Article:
An SEO Workflow that Works
Ian Lurie Jun 18 2008
If you’ve ever heard these quotes, you need to read this post:
“The designers said we couldn’t use this font and have it be text.”
“The designers said they couldn’t format the page without tables.”
“It’ll take us hours to change that now.”
“No, you can’t edit the title tags on each page.”
“This is a big change. Why does it matter to SEO?”
“We can get to these SEO changes in about a month.”
There’s a right and wrong way to include SEO in your internet marketing mix. Throwing it in as an afterthought after your shiny new site launches is the wrong way. Here’s the perfect SEO workflow.
A Basic SEO Workflow
- Initial project planning: Meet with an SEO expert. Pay them for their time. Have them map out when and how the SEO team should be involved in development.
- Information architecture: Before you create your new site map, pick your keywords and verify that they matter. Organize your keywords into topics. Be sure your architecture reflects this. Remember, this isn’t just how search engines see your site. It’s how people look for you, too.
- Tools selection: If you’re using a shopping cart, content management system or something else, make sure they support SEO. And no, I don’t mean “SEO friendly URLs” or other trite sales speak you’ll hear. I mean that these tools support unique title tags, correct semantic markup and won’t turn your web site into a pile of search-repellent spaghetti.
- Content: Let the expert help you structure and write great copy that’ll also get the search engines’ attention.
- Design: As your creative team gets to work, get your SEO expert to have a glance at the design. You don’t want to take, say, headings and turn them into graphical text. The SEO can work with the designers and help them find the best balance. She may know a thing or two about image replacement and other tricks that can help create a beautiful, search-friendly site, too.
- Mockup: Sooo many companies ignore this. Have a truly great XHTML coder create templates for each unique page layout on your site. Then have your expert review for potential issues. This will make your developers’ lives much, much easier, because they won’t have to become HTML producers.
- Development: Make sure the SEO team has access to the site-in-progress. They’ll watch for alarm bells like uneditable title tags, straying from the mockup or hacked-up code.
- Pre-launch: The SEO expert can use whatever tools they have to ‘crawl’ your site, checking for busted links, search engine roadblocks, etc..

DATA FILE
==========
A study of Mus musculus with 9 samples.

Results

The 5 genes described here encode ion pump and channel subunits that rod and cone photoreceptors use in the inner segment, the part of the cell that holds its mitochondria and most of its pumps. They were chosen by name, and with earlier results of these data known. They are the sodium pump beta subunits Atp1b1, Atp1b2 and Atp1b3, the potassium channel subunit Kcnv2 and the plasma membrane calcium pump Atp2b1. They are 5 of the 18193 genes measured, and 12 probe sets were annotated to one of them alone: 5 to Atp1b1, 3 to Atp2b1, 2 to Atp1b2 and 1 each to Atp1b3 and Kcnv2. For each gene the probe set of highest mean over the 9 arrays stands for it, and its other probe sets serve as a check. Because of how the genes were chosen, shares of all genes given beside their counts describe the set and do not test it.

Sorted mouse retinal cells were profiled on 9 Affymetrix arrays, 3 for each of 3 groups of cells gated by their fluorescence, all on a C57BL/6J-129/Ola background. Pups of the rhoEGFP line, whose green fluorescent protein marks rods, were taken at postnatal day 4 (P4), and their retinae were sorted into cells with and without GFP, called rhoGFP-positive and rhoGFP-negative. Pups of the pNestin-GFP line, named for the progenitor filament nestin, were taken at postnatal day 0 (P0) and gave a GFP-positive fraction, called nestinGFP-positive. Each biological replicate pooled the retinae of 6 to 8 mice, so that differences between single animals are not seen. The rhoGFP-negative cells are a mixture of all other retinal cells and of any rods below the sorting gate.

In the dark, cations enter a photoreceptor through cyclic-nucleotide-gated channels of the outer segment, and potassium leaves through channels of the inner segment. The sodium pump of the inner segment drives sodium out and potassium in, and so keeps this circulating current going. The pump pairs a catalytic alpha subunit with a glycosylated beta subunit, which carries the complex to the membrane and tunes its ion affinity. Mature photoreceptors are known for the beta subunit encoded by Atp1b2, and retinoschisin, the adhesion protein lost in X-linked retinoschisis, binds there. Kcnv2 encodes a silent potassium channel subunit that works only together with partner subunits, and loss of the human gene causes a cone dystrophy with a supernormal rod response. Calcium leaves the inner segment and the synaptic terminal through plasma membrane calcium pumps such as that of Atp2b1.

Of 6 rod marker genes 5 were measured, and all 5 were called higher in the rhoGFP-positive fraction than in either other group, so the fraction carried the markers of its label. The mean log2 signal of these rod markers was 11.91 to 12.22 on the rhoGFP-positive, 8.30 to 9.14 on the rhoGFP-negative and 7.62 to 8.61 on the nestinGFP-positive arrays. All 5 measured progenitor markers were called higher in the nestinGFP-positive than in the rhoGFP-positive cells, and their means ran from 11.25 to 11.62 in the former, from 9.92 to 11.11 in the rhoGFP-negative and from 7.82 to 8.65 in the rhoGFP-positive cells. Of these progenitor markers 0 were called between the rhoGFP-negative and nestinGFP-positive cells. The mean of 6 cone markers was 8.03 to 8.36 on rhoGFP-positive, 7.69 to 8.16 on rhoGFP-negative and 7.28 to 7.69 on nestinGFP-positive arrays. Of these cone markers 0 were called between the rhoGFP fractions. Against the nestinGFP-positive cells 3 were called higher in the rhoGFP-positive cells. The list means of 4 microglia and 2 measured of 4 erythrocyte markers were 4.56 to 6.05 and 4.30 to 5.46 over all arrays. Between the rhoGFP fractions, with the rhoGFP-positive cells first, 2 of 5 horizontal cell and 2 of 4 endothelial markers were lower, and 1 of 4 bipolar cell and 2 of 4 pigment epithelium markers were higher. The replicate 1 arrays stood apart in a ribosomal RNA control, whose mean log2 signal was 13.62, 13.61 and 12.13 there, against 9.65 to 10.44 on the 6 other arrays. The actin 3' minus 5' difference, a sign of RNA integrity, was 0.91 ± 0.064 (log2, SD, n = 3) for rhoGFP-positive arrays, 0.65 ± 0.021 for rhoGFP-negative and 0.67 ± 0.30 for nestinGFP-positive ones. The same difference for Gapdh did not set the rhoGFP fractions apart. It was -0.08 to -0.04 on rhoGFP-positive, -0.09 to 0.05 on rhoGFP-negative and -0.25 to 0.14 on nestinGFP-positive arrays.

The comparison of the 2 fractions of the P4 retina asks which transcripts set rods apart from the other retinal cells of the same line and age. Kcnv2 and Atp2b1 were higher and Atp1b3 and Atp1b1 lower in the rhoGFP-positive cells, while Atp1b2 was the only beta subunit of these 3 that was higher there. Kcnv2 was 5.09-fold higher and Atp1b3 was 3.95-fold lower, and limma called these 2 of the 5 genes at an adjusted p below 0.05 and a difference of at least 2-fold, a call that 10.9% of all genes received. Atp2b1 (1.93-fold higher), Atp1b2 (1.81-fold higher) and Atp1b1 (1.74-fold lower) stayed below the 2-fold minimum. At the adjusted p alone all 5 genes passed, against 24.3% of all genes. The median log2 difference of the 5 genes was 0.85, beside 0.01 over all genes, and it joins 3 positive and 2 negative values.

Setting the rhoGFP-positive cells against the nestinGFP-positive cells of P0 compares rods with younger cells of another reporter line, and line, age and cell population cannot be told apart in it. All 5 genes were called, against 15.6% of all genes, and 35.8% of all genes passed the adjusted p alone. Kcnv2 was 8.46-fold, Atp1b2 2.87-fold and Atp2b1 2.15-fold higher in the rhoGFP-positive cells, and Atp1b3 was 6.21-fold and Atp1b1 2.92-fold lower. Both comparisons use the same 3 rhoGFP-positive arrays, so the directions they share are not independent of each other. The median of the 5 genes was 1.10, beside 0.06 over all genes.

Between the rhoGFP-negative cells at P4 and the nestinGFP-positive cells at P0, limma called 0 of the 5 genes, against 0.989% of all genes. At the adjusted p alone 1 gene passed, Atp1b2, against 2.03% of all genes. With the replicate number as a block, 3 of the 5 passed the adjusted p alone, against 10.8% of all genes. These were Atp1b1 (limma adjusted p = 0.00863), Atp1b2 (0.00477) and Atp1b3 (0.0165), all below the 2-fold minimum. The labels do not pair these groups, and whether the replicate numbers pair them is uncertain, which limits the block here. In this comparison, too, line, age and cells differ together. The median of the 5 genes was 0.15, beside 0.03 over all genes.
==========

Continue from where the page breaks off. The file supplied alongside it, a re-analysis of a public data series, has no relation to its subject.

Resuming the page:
- Pre-launch, 2: The expert will give you a set of 301 redirects to set up, so that critical link authority isn’t lost.
- Launch: The SEO expert will join you in biting collective fingernails.
- Post launch: Now the expert will start working on the stuff most people consider ‘search engine optimization’ – link building, tracking metrics, content optimization, strategy, etc..
But My Developer Says…
Don’t trust your developer, designer or marketer. I say that as someone who’s all three. We’re full of crap when it comes to involving others in our work: We’ll say “Sure, that’s a great idea” and then shut out the SEO team for weeks, if not months.
And don’t trust them when they say they know SEO. They know SEO like I know brain surgery: I watched it on House. I don’t even trust myself to write SEO-friendly code. I have another person at my company review it. It’s too hard to step back and review it from the search perspective.
When To Get Worried
- Your SEO team hasn’t been involved in the project for more than 2 weeks.
- The SEO team is driving the rest of the team crazy. This could be OK, but it may also mean you’ve got personality conflicts that’ll prevent a great result.
- Your designer or developer 100% agrees with everything the search team suggests. Either the search team is clueless, or the designer/developer is quietly shredding every suggestion.
- The search folks start looking hunted in status meetings.
If you see any of these things start to happen, get the whole team — designers, developers, architects and search specialists — together in one room or on the phone. Tell them what a great job they are all doing. ‘Cause they probably are.
Then review communications and make sure everything’s solid.
If one team’s shutting another out, meet with them separately and kick their butts. Don’t embarrass them. Just make sure they understand SEO is a priority.
Search-Ready From Day 1
The result of all this work: A site that’s search-ready from launch. Faster upward movement in the rankings. And lower costs post-launch.
Note that I have no axe to grind here. I love it when folks skip search engine optimization until the last minute. That means I get to charge them 3-4x more than if they’d involved me and my team at the start, because we have to do a lot more work. By all means, ignore my advice. I have two college accounts to fund.
CEO & Founder
Ian Lurie is CEO and founder of Portent Inc. He’s recorded training for Lynda.com, writes regularly for the Portent Blog and has been published on AllThingsD, Forbes.com and TechCrunch.
Ian speaks at conferences around the world, including SearchLove, MozCon, SIC and ad:Tech. Follow him on Twitter at portentint. He also just published a book about strategy for services businesses: One Trick Ponies Get Shot, available on Kindle.